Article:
Migration from MSSQL to PostgreSQL?

Migration from MSSQL to PostgreSQL?

Has anyone of you done this?

There are features that you pay mucho dollars for in MSSQL, which PostgreSQL appears to manage just fine.


6 thoughts on “Migration from MSSQL to PostgreSQL?

  1. It’s not the migration process that I worry about, it’s the end result.  Partitioned tables would be nice without the 200.000 NOK per year per MSSQL Enterprise license.


  2. we’re using pg in conjunction with devart unidac, it can scale horizontally, vertically, no broblem (: there are a lot of features, most of which we don’t yet use, however, it’s nice to see the latest ones which include json support and more to come

    I’d say: do it, and don’t look back, *nix servers are cheaper and pg runs on many platforms and it’s updated frequently, personally, I have pg installations from xp, to w7, debian and osx, all running without a hitch ^_^


  3. Unix servers are unthinkable, to be honest – as we have tons of Windows specific code.

    Our challenge is that we have tables which have millions of rows, and table partitioning (http://technet.microsoft.com/en-us/library/ms188730.aspx) would have been so nice to boost performance, but MS wants top dollars for that.  PG is supposedly capable of that as well.  We have a few .NET assemblies which would have to be rewritten for PG as well, but supposedly the T-SQL procs and functions are source code compatible?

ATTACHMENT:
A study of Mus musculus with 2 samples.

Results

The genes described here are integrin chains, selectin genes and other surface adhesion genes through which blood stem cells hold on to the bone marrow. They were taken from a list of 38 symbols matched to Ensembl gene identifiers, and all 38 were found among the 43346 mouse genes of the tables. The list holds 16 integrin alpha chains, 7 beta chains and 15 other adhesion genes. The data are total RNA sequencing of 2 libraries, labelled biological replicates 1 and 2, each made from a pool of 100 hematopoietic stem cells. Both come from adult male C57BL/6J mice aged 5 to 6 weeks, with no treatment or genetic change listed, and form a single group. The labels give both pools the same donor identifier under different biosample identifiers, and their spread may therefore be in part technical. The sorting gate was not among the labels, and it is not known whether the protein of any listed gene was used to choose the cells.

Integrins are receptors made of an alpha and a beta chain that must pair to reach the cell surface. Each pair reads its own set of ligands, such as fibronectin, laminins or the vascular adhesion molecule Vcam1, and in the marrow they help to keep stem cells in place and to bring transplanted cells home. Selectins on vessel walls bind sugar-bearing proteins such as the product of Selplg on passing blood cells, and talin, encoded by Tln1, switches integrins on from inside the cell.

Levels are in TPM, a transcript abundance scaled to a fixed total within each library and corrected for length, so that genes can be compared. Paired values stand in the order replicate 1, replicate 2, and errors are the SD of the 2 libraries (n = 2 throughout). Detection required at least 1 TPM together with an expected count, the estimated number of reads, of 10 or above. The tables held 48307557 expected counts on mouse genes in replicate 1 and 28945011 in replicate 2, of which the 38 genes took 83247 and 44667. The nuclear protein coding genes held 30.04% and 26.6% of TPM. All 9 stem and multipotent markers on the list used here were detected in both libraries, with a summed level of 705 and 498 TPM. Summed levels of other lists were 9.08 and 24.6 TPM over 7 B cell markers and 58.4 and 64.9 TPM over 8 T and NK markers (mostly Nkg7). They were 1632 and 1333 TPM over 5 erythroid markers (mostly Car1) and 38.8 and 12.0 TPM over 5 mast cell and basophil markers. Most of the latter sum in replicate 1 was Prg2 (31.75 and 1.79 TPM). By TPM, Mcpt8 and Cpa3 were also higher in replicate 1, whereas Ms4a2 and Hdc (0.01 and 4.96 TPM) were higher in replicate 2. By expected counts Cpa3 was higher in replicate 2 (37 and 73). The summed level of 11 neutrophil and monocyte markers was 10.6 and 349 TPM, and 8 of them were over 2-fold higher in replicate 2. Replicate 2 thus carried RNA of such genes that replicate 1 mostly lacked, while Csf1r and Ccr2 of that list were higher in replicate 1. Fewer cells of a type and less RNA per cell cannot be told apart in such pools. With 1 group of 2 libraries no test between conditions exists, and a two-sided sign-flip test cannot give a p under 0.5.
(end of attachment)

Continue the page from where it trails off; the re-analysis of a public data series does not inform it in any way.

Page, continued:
4. Michael Thuma – it is indeed management purposes, as we need to track food stuff for as long as it has a shelf life, and then a few months (due to need of traceability in case of quality issues).  Combining it in a view is too costly and creates yet another set of monster indexes.  That is exactly what partitioning fixes.  The partitioned indexes can be searched in parallel by the engine, and the rarely changing old content ones are not included in the updates for the new and fresh.

    Duplicating the structures in different is how we have done until now – but the maintenance cost of doing it that way is massive, due to code duplication.


  5. The articles have lifespans that vary between days and years.  Some articles need a maturity to be eligible for use (cheese).  In addition, there are many other factors that govern if a pallet should be accessible or not.  The challenge multiplies with the varieties – but key is to keep the applications and databases  capable of dealing with everything in the same structures and configurable rule sets – or we would be sunk in code detail management.